The Alamo was the name given to the San Antonio de Valero Mission in San Antonio, Texas which was constructed in 1724 and became the scene of a famous battle between the Army of Mexican and Anglo-SaxonTexan rebel colonial forces during the Texas Revolution.
The Anglo-Saxons who fortified the Alamo in anticipation of the battle were volunteer soldiers of the "Provisional Government of Texas" which lacked international recognition. In an effort to stiffen their resolve they signed an oath of allegiance to protect that government and obey the orders of that government's officers. On February 23, 1836 General Antonio López de Santa Anna led an army of between four and five thousand Mexican troops against the Alamo. After a 13-day siege the Mexican army defeated the defenders on March 6 and took the Alamo.
Before the battle General Santa Anna ordered that a flag be raised indicating to the defenders that no quarter would be given. Accordingly all of the 189 defenders who had not been killed in battle were captured and executed. Among its defenders were James Bowie, David Crockett and William Barret Travis. About two dozen women and children and a African-American slave, a person "owned" by one of the Anglo-Saxon "freedom fighters" at the Alamo were released. Safeguarding the "right" to own slaves was one of the grievances motivating the rebellion by the Anglo-Saxon settlers. Mexico had abolished slavery in 1821. The United States would have to fight a bloody Civil War to accomplish that same advance in human rights.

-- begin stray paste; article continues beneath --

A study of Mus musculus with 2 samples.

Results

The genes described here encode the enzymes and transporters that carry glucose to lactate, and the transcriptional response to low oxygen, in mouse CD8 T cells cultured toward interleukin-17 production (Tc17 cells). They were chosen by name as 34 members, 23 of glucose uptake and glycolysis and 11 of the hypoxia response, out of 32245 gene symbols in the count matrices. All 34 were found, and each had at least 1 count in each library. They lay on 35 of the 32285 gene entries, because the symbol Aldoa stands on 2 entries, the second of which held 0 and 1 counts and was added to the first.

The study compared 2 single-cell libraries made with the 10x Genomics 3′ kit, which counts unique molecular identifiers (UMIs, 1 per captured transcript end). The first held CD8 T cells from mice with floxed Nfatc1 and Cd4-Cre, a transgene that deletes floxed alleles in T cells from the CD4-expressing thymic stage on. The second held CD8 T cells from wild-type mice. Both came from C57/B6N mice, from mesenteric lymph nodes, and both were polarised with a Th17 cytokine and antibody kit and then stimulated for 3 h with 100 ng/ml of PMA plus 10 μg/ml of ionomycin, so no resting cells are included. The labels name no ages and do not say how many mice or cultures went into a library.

When the Mexican Army led by General Santa Anna's army was defeated a smaller Texan force in the Battle of San Jacinto, Texan soldiers used the rallying cry, "Remember the Alamo" for their counterattack. Like "Remember the Maine," "Remember Pearl Harbor," and, more recently, "Remember 9/11," "The Alamo" serves as a reference to American patriotic renewal through redemptive, purifying violence.
See also, movies named The Alamo.
- Emily S. Rosenberg. 2003. A Date Which Will Live: Pearl Harbor in American Memory. Duke University Press. ISBN 082233206X.
- Website, The Alamo, accessed April 2008.